Teachers to resume duty on Monday, court to arbitrate on pay dispute

NAIROBI: The eight-day strike that shutdown learning in public schools has ended after the Industrial Court took over the pay negotiations and ordered teachers to return to class from Monday next week.

The teachers’ unions did not get the increase in basic salary for their over288,000 members, they were demanding after the Teachers Service Commission TSC) refused to budge.

 The announcement followed a nine-hour discussion presided over by Justice Nduma Nderi and involving the Kenya National Union of Teachers (Knut),Kenya Union of Post Primary Education Teachers(Kuppet), TSC, Salaries and Remuneration Commission (SRC)and the Ministry of Labour.

Knut Secretary General Wilson Sossion Wednesday asked teachers to resume classes on Monday and await the court’s arbitration.

Justice Nderi reached the compromise decision after the Government and unions failed to break the deadlock that arose after the State rejected an increment on basic salary, and instead offered Sh9.3 billion in allowances that unions spurned.

It will now be up to the Industrial Court to determine how much the over 288,000 teachers will take home as increment on their basic pay.

But it is not clear whether the Sh9.3 billion allowances the Government offered them will still be on the table although all parties backed the directive to call off the strike.

The proceedings were held behind closed doors before Justice Nderi delivered his ruling.

In his ruling, Justice Nderi directed that no teacher or union official should be victimised for the just-ended strike.

“After day-long deliberations, the parties have agreed to have the economic dispute handled by the Industrial Court. It is the court’s direction that TSC should not victimise any teacher or union official for participating in the strike. All teachers should therefore resume duty on Monday, pending the hearing and determination of the dispute,” Justice Nderi ruled

He directed Knut and Kuppet to file before the court their submissions in a common memorandum by Monday while TSC was given up to January 26 to file its response.

SRC was directed to file its submissions on the matter 10 days after TSC files its response.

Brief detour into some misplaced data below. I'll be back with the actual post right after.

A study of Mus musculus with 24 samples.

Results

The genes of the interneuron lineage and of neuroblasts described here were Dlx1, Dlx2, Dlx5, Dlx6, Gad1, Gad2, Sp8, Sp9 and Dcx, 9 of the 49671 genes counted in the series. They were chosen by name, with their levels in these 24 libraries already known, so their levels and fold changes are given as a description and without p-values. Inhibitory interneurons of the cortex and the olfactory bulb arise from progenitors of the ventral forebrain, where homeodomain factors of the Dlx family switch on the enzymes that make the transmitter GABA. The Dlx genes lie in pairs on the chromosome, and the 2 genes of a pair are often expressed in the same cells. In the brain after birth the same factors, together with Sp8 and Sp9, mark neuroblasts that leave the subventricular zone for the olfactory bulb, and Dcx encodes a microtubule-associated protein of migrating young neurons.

This means that the fate of teachers’ salary demand shall be known sometime next month.

Justice Nderi told Knut and Kuppet to call off the strike to give the court time to adjudicate the matter, saying TSC should not withhold salaries of teachers.

 Sossion and Kuppet Secretary General Akello Misori lauded the court for agreeing to take over the decade-long dispute.

“This is an historic day for us as a union for the Judiciary to take over the salary dispute. It is going to mark the end of the confusion and pave way for a clear picture of the teachers’ demands. We are confident that in this process, the court’s adjudication will help solve the dispute where the employer has failed on several occasions,” Sossion said.

“We have agreed to table all the proposals by the National Advisory Council and we shall be meeting on Friday to chart the way forward,” he added.

“I urge teachers to be patient and give the Industrial Court time to deliberate over the matter. We are optimistic that the outcome will be in the best interest of teachers since we cannot be perennial strikers for ever,” Misori said.

Sossion termed the court session as “tough and good for us but rough on TSC”.

“We have submitted to the court since we are law-abiding citizens and this is because we have confidence that the court will find a lasting solution to what has over the years been a tug of war between the union and the teachers’ employer,” said Sossion.

He said two options were presented to resolve the strike stalemate.

“The judge asked TSC to table a salary offer or go back to the negotiation table failure to which the court shall adjudicate,” said Sossion.

He said TSC opted for 90 days to conclude negotiations.

“We chose that the court take over because we had been talking with them for so long, but it never yielded anything,” said Sossion.

Misori said the Industrial Court Act and Labour Relations rules affirm that no talks of this nature can proceed without cessation of the strike.

“At this point the TSC, Knut and Kuppet consented to call off strike so that the court takes over,” he said.

 Details from the court revealed that Justice Nderi arrived at the decision to take over the matter after the Government failed to table any offer on a basic salary increase.

Sources at the meeting said that the two teachers’ unions insisted on the 50 to 60 per cent salary offer made by the TSC last year.

Knut and Kuppet officials said the offer by the Government prompted them to lower their demand by half, from 300 per cent.

“The judge pressed TSC to explain why they made an offer which they later withdrew. He then allowed them to consult and return with an offer, but when they returned, they said they did not have one,” said the source.

Further details also show that TSC had planed to institute contempt proceedings against Sossion.

“The judge declined that. He also set aside the Musau Ndunda case and squarely dealt with the case presented by TSC,” said Sossion.

“The judge was warm but also firm and tough. He was smart,” said Sossion.

In its petition, TSC said that the teachers’ strike is illegal and has paralysed education in public schools.